Fairer weather in April saw British consumers return to shops, department stores and supermarkets helping retail sales rebound from a slump in March caused by unseasonably wet weather. File Photo by Hugo Philpott/UPI | License Photo
May 26 (UPI) -- British shoppers returned to the high street in April helping retail sales rebound in to the black from a worse-than-expected 1.2% contraction in March, according to official figures published Friday.
April retail sales volumes rose 0.5% after unseasonably wet weather in March kept consumers at home, depressing volumes by an even greater margin than the first estimate of -0.9%, the Office for National Statistics said in a bulletin.
Quarterly sales volumes were at their highest level since August 2021, up 0.8% in the February to April period compared with the November to January period.
April non-food store sales saw the strongest rebound, climbing 1%, after falling 1.8% in March, while food store sales volumes added 0.7% compared with a 0.8% contraction the previous month, but with food price inflation running close to 20%, food sales had a considerable way to go to recover to pre-COVID-19 pandemic levels, the ONS said.
"Retail sales grew, partially rebounding from a poor weather-affected March, with jewelers, sports retailers and department stores all having a good month. Despite continued high food prices, supermarkets also recovered from the fall in March," ONS Chief Economist Grant Fitzner wrote in a Twitter post.
"However, these were partly offset by a drop in the amount of fuel sold, despite prices also dropping."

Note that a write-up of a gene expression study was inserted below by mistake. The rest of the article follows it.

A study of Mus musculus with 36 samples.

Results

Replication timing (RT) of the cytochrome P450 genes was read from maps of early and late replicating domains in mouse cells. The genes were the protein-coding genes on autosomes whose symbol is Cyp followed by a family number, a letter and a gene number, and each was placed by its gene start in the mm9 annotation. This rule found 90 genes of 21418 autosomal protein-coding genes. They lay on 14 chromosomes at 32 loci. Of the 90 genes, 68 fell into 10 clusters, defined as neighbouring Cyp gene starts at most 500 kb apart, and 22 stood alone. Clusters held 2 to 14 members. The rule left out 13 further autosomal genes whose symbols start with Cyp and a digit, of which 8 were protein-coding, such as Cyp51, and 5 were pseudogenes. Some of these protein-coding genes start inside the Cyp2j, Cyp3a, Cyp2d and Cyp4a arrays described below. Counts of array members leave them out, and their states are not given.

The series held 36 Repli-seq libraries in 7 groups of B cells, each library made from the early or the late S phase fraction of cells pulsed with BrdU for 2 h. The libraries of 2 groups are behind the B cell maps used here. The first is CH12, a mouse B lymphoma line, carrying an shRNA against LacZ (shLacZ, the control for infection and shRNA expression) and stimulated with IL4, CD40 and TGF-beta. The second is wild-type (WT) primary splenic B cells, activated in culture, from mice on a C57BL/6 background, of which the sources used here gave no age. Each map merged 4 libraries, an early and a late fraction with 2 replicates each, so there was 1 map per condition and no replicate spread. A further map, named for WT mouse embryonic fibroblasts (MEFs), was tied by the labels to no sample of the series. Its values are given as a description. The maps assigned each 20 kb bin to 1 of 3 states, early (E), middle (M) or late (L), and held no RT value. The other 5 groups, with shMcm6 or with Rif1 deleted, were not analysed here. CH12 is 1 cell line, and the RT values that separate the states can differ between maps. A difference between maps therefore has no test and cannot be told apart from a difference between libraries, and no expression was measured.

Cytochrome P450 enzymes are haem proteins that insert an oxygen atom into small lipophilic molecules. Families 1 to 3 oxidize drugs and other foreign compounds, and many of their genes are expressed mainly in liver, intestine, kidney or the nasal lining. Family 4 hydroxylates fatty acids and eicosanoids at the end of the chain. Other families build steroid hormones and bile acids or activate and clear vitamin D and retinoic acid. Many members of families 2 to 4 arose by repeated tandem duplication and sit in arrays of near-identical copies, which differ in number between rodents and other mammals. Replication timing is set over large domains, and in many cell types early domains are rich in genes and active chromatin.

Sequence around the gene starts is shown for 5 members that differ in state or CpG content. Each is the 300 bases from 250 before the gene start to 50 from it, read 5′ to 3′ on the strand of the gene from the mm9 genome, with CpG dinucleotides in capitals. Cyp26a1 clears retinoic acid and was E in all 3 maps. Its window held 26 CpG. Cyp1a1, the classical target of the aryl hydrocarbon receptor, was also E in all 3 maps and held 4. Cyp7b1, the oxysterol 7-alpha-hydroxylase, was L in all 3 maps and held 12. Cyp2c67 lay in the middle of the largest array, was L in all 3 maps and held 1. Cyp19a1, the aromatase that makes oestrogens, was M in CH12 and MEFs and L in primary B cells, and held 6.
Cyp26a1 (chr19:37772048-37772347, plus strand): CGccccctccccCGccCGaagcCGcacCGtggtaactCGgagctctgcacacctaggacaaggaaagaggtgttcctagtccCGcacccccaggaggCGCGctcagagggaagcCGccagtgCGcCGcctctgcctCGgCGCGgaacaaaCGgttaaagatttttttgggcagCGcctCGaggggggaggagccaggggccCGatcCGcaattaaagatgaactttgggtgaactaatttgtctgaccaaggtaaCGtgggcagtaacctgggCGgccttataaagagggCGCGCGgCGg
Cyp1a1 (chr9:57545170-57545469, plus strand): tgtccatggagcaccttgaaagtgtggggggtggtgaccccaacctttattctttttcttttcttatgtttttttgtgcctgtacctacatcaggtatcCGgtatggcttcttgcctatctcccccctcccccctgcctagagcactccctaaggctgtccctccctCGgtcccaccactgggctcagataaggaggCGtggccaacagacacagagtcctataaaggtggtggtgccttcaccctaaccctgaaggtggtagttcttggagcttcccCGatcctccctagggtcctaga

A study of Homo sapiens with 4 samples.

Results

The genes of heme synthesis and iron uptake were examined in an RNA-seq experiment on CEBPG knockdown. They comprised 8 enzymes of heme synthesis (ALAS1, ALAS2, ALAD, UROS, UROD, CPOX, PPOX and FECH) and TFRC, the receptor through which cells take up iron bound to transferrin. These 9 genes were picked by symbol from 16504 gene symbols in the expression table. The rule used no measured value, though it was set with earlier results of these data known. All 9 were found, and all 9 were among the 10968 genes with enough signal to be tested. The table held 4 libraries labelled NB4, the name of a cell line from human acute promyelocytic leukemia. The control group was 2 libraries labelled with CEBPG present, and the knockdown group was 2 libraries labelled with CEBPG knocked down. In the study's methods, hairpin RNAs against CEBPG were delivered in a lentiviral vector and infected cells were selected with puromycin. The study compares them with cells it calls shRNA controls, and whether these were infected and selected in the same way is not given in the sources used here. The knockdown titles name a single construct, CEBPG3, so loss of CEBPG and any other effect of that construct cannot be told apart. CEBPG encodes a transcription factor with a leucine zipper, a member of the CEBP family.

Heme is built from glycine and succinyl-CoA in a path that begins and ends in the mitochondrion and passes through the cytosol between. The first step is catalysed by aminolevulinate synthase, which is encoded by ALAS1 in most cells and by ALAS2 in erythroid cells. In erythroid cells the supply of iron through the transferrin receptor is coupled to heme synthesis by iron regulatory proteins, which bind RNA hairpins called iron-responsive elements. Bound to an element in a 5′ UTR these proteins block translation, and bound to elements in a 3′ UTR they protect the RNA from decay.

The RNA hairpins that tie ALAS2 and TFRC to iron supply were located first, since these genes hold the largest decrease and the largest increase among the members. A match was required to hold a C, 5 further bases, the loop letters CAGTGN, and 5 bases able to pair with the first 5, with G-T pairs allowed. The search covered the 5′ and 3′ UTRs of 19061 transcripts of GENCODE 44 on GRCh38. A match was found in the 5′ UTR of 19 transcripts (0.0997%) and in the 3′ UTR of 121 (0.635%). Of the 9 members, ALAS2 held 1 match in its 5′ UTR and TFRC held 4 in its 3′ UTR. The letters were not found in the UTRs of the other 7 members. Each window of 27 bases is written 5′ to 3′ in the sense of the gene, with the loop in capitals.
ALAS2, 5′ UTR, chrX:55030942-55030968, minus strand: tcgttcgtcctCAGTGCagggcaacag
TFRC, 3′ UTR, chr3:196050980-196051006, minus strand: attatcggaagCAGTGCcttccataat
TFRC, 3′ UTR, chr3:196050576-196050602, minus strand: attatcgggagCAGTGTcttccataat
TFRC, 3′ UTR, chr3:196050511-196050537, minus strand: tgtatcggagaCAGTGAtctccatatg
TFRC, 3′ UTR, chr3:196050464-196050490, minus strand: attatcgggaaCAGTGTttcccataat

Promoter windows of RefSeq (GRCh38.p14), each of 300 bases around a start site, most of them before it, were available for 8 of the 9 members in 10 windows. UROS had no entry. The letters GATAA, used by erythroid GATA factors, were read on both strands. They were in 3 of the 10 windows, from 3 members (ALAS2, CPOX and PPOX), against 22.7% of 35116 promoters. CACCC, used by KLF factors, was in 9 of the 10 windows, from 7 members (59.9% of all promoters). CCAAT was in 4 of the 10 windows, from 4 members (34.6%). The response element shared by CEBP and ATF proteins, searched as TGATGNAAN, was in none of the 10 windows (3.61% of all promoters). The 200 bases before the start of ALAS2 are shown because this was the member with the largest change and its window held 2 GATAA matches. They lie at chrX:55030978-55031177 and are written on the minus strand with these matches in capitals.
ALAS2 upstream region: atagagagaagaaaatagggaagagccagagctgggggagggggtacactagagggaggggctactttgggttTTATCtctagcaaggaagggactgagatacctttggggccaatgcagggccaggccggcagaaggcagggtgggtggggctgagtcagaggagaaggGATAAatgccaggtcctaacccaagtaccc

Automotive fuel sales volumes, which were flat in March, plunged 2.2% in April but online retailers' volumes recovered from a 1.4% fall in March to grow by 0.2%.
Department stores also posted strong performance with volumes surging to 1.7% following a sharp 3% drop in March 2023 -- but volumes remain 5% below their pre-coronavirus levels of Feb. 2020.
ONS said its public polling data showed sales volumes in March and April may have been affected by industrial action with 39% of adults questioned April 5 to April 16 reporting being affected by industrial action in the last month, up from 27% March 23 to April 2 period.
Almost 1 in 5 said strikes had thwarted holiday or leisure travel plans compared with 14% for the period March 23 to April 2.
Nationwide, the country's second-largest lender, hiked mortgage rates Friday by as much as 45 basis points on fears the Bank of England will have to raise interest rates from their current 4.5% to as high as 5.5%. The market average on a mortgage fixed for two years is already 5.34%.